Narendra Modi in Silicon Valley: Could ‘Digital India’ Be a Reality?
PM Narendra Modi’s visit to Silicon Valley, against the backdrop of campaigns like Digital India and Make in India, has the whole country aflutter with hopes of potential developments in the Indian tech scene. Aimed at promoting the spread of tech-literacy all over the country, the visit includes Modi meeting the CEOs of tech giants. Needless to say, the development of events led to some important announcements.
Google: Modi met Google CEO Sundar Pichai yesterday and discussed plans on introducing Wi-Fi connectivity across 500 railway stations in India, with speeds good enough to stream HD videos. Modi said that Google plans on covering 100 stations by the end of 2016. “We are expanding our public Wi-Fi hotspots. For example, we want to ensure that free Wi-Fi is not only there in airport lounges, but also on our railway platforms. Teaming up with Google, we will cover 500 railway stations in a short time,” he said. Pichai also announced that Google will roll out 11 Indian languages for Android users to type in next month.
— sundarpichai (@sundarpichai) September 27, 2015
Microsoft: Satya Nadella announced that Microsoft would use its cloud services in India. “We believe low cost broadband connectivity coupled with the scale of cloud computing and the intelligence that can be harnessed from data can help drive creativity, efficiency and productivity across governments and businesses of all size. This is turn will create global opportunities for India,” Mr Nadella said.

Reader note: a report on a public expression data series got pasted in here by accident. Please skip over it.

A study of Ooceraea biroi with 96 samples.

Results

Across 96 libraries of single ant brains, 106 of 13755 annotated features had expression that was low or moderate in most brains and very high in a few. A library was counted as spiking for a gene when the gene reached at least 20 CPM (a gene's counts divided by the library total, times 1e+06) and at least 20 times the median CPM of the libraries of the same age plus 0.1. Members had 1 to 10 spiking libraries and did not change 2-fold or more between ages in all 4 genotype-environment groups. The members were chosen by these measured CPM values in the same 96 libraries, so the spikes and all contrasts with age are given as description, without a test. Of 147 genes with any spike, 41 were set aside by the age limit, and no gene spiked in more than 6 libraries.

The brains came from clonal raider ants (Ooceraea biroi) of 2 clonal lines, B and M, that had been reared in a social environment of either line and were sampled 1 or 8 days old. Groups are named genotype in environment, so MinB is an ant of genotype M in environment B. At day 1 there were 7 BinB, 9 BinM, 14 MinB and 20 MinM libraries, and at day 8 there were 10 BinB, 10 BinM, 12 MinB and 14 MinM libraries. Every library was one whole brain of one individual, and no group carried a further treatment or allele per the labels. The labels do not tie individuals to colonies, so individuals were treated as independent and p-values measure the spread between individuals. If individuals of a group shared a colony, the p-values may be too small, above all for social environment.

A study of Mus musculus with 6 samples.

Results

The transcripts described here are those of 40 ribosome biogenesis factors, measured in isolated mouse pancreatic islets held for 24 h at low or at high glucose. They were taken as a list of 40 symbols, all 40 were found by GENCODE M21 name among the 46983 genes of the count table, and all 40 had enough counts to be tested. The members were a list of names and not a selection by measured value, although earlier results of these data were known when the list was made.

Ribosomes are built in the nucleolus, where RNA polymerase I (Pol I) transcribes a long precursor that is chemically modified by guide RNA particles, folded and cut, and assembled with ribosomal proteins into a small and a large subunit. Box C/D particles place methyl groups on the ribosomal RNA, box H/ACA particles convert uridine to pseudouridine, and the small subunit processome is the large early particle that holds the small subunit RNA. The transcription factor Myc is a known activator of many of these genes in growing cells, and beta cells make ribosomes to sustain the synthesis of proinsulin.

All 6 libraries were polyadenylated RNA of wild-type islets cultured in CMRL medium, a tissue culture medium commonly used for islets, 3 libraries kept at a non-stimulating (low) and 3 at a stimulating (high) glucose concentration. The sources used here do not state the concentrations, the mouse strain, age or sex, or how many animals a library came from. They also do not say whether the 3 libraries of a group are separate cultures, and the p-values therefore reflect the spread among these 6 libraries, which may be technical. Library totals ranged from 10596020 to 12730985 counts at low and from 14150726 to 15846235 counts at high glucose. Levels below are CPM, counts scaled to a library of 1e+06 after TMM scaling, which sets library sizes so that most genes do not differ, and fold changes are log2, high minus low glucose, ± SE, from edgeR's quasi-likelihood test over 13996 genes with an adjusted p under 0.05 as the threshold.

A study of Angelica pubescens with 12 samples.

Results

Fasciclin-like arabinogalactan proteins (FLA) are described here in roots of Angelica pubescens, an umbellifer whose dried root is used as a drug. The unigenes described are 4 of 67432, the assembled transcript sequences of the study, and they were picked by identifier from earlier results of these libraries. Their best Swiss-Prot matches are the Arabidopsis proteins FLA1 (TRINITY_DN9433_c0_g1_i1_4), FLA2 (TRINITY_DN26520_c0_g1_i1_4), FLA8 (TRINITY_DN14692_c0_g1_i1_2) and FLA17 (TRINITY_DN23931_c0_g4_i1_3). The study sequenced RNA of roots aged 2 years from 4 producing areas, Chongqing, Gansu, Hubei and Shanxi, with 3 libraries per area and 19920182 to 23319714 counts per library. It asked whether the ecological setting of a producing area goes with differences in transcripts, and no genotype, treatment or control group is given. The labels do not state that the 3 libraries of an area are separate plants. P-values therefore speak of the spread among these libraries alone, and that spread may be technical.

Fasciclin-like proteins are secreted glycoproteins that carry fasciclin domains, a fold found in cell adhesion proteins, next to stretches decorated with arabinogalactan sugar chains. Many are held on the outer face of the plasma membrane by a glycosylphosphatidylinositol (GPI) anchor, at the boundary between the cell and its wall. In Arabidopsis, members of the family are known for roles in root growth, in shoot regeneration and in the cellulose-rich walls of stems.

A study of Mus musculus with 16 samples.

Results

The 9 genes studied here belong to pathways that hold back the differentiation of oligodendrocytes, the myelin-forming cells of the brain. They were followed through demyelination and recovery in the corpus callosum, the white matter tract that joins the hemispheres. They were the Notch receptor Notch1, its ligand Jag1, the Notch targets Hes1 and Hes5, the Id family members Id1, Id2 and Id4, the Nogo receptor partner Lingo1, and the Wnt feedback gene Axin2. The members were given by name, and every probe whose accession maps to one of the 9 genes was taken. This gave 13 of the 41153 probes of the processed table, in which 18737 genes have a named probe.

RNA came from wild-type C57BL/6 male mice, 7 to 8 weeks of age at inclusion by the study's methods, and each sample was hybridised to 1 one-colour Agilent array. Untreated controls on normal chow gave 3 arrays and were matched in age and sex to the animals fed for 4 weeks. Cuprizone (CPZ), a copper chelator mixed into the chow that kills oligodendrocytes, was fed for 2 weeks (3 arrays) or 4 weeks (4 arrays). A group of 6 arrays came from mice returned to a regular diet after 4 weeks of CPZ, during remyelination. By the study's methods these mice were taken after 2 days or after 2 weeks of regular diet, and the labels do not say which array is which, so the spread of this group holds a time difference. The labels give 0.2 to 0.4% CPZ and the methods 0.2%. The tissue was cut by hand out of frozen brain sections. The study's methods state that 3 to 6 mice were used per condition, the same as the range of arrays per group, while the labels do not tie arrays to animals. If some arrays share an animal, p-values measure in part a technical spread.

Qualcomm: Qualcomm announced a 10 billion rupee venture capital fund for startups. The company also announced the set up of a lab in Bangalore for product innovation. “We share Prime Minister Narendra Modi’s vision to transform India into a digitally empowered society and knowledge economy,” Qualcomm executive chairman Paul E Jacobs said.
A significant part of the first day of the PM’s visit to Silicon Valley was spent with two CEOs, Tesla’s Elon Musk, and Apple’s Tim Cook. The meeting with Musk was structured with the aim of securing company’s “Powerwall” invention for the Indian tech world. Powerwall is a long term storage device for solar energy capable of bringing “energy to hitherto unserviced areas of India”. This innovation is expected to include more than just solar energy, and hopes to explore alternative energy sources as well.
Tim Cook, the CTO of the company, spoke about India and said, “India has a special place in the heart of every Apple employee for the simple reason that Steve Jobs, when he was young man, went to India for inspiration and it was what he saw in India that infused in him the desire to create Apple.”
Apple sees immense potential for app development in the country, especially for young entrepreneurs in the field. Following the example of China, where the company has managed to give rise to about 15 lakh jobs, Apple’s involvement in India seems a huge leap for the Digital India campaign.
After a one-on-one meeting with Facebook founder and CEO, Mark Zuckerberg, Prime Minister Modi shared the stage with him for a 50-minute discussion on technology, social media and Digital India. Zuckerberg mentioned how India has shaped Facebook’s history by providing a market of millions of netizens all connected through the social media platform. The PM made a comment good humouredly and said, “We used to have elections every five years. Now we have them every five minutes.”
The PM returns from Silicon Valley on 30th September with immense promise for the country in the realm of internet and technology. A sense of anticipation would perhaps be natural at this juncture as we await the execution of these plans. If seen till the end, a larger proportion of the country’s population would have access to internet services and those already using the internet would have smoother, faster services. Hopefully the UN is listening next time it decides to conduct a poll of internet services in the country.